Takeaways from AAOE’s Ask Me Anything Series

Wednesday, August 19, 2020   (0 Comments)

Each month, AAOE is hosting an Ask Me Anything Series where attorneys and consultants answer your questions to help you stay on top of the ever-evolving COVID-19 climate. It’s a safe space where you can come together with your peers to get the information you need, hear what other practices are doing, and sometimes just connect with the only people who understand what you’re going through.

Below are the takeaways from the August 6 Ask Me Anything call.

 

How do you ensure staff are social distancing in their personal lives? What’s the line between protecting your patients and staff, and respecting their personal lives?

Susan Childs, Founder of Evolution Healthcare, shared that her clients are struggling with staff who aren’t wearing masks or social distancing outside of the office. This poses an obvious risk to patients an other staff, but what can you legally require outside working hours?

 

The rest of the panel advised against creating an unenforceable policy.

 

Jeana Singleton, an attorney at Brennan, Manna, & Diamond, explained that staff education is your best plan of attack. She recommended continuing to educate your staff on your state’s mandates regarding masks and travel restrictions.

 

Ryan Smith, an attorney at the Fredrikson & Byron law firm, echoed Singleton’s advice, stressing the importance of educating your staff about the guidelines in place to keep their coworkers and the practice’s patience safe. He added that your focus should be on what you can control: reducing the chance of transmission within the practice itself.

 

What can or should you do for staff whose children are required to do virtual learning and who have positions where they’re unable to work from home?

This is a difficult and complicated issue, with no clear answer. Childs recommended sitting down one on one with staff who are affected to understand each of their individual needs, as a blanket policy likely won’t accommodate everyone. This is one more area that has caused uncertainty in our current environment, so the most important thing you can do is remain flexible and transparent with your employees.

 

There’s an exemption for healthcare workers in the Families First Coronavirus Act. Can you exempt your clinical staff workers due to patient care, and not exempt other staff members who could work from home? The major concern with implementing this is employee morale, which is already low.

Panelists all used the same word when providing their advice: flexible.

 

As a practice administrator, you must keep your office properly staffed, but you also need to consider the needs of your staff. Childs said if you get into a position where you need to bring in other staff to keep the practice running, you may need to consider furloughing staff who are unable to work remotely. If possible, she recommended asking staff if they would be willing to work different positions to cover any holes, acknowledging that there are limitations to this – a front desk worker can’t simply become a nurse overnight.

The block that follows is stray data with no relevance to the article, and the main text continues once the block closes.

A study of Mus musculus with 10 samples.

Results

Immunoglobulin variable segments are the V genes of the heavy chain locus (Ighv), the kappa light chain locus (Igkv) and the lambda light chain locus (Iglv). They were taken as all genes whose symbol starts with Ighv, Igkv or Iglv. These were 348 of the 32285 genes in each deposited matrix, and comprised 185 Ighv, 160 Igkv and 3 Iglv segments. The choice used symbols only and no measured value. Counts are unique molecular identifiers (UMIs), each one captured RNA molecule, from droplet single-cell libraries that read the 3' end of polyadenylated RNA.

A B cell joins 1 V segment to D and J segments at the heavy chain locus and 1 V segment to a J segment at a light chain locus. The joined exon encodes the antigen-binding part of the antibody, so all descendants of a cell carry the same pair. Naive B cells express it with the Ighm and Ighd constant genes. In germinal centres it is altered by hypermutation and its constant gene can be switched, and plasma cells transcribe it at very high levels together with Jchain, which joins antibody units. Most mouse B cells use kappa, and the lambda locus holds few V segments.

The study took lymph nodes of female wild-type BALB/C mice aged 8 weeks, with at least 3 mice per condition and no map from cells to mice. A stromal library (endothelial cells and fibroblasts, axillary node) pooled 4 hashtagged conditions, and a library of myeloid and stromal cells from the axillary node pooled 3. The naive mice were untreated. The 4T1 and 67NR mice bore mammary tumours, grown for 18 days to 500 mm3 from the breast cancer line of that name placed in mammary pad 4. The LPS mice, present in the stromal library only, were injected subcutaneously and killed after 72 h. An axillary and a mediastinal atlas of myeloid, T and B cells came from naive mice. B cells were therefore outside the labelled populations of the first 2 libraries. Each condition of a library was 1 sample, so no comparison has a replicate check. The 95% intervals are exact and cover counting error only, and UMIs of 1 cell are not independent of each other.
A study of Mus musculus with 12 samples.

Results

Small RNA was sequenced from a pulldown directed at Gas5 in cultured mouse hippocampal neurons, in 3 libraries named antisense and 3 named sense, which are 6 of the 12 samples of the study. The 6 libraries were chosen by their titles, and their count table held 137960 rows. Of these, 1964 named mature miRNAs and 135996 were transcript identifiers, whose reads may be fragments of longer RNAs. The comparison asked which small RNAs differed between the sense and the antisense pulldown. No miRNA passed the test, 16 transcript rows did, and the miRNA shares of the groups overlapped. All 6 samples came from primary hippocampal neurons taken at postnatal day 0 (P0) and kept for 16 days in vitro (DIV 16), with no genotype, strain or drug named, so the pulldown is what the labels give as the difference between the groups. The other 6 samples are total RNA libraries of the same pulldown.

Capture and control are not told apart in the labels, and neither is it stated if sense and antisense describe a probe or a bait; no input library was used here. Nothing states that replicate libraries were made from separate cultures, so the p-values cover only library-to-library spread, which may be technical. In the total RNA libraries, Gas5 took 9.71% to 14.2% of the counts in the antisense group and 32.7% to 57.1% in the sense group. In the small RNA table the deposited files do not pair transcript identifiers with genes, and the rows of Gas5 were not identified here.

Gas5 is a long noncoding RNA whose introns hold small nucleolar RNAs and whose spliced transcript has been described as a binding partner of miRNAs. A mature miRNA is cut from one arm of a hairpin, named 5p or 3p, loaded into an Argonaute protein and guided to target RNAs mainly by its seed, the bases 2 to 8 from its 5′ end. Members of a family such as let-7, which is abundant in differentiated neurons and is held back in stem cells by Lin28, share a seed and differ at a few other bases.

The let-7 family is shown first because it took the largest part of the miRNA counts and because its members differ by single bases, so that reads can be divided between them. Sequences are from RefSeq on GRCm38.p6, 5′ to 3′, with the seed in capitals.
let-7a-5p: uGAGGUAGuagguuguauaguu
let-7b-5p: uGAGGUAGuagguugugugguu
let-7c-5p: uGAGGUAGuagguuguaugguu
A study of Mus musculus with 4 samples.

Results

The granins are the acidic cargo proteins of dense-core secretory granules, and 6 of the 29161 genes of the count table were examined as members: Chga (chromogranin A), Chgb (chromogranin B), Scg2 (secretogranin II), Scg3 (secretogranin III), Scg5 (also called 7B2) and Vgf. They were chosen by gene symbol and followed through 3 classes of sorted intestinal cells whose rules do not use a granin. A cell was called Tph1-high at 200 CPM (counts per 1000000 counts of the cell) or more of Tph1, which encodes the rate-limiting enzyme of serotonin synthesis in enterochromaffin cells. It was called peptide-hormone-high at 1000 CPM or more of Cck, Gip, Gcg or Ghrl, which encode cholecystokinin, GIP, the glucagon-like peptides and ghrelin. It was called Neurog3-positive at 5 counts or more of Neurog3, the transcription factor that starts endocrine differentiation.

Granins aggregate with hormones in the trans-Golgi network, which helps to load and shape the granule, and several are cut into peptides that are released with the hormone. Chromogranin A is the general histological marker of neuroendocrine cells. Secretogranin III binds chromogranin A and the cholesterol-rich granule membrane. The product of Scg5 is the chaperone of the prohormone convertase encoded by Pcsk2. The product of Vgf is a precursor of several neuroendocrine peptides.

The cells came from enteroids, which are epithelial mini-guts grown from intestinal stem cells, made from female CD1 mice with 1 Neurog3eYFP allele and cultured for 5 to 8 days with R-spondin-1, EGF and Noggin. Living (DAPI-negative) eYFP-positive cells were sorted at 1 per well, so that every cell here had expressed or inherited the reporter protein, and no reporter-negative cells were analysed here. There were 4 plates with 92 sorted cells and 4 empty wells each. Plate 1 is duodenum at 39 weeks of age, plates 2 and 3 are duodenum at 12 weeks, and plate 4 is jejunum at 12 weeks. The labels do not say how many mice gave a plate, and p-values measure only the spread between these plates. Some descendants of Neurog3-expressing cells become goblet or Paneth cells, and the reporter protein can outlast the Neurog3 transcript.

David Blish, director of healthcare consulting with Katz, Sapper & Miller’s Healthcare Resources Group, offered other options for consideration, such as alternating shifts or days, or allowing staff who have positions that can be done remotely to do them off hours if needed.

Smith advised practicing caution if you create any policies on this topic. Be careful that you aren’t creating a policy that limits your ability to respond to an ever-changing situation.

 

What do we need to know regarding the proposed update to the physician fee schedule rules?

Singleton explained that this proposed rule is attempting to address telehealth and licensing beyond the pandemic, and also includes an update to the E&M codes for quality payment program value pathways, opioid use disorder, and substance use disorder. Smith added that with the explosion of demand for telehealth, President Trump is looking to make those changes permanent.

Comments are open until October 5.

 

What are you doing to help provide the needed support to employees right now when morale is down?

This question was opened up to attendees, many of whom reported that this is not only an issue facing their staff, but something they’re struggling with, as well. Many reported that for their staff, it’s the small things that mean a lot right now, like individually-packaged food in the pantry, sharing a meme on your staff’s messaging app, or sharing pictures of your pets. But they also offered each other advice and a reminder to take care of yourself through a focus on your hobbies or just allowing yourself to disconnect every once in a while. 

 

34 states are requiring masks (as of August 6). What do you do if an employee or patient says they can't wear a mask for medical reasons?

Attendees noted that they have put measures in place to notify patients before they come to the office, either through the phone or their patient portal, and asking them to provide a doctor’s note when they arrive at the practice explaining why they can’t wear a mask.

 

Smith explained that from the legal perspective, you need to have a mask policy in place and should ask for documentation for any accommodations you make. Singleton posed the opposite question: if you don’t require masks, what are the potential risks to your practice, both from a safety perspective as well as a public relations perspective?

 

Both Smith and Childs recommended consulting with an employment lawyer to avoid legal action taken against the practice.

 

Join us for the next Ask Me Anything call taking place September 3! Register here and submit your questions here.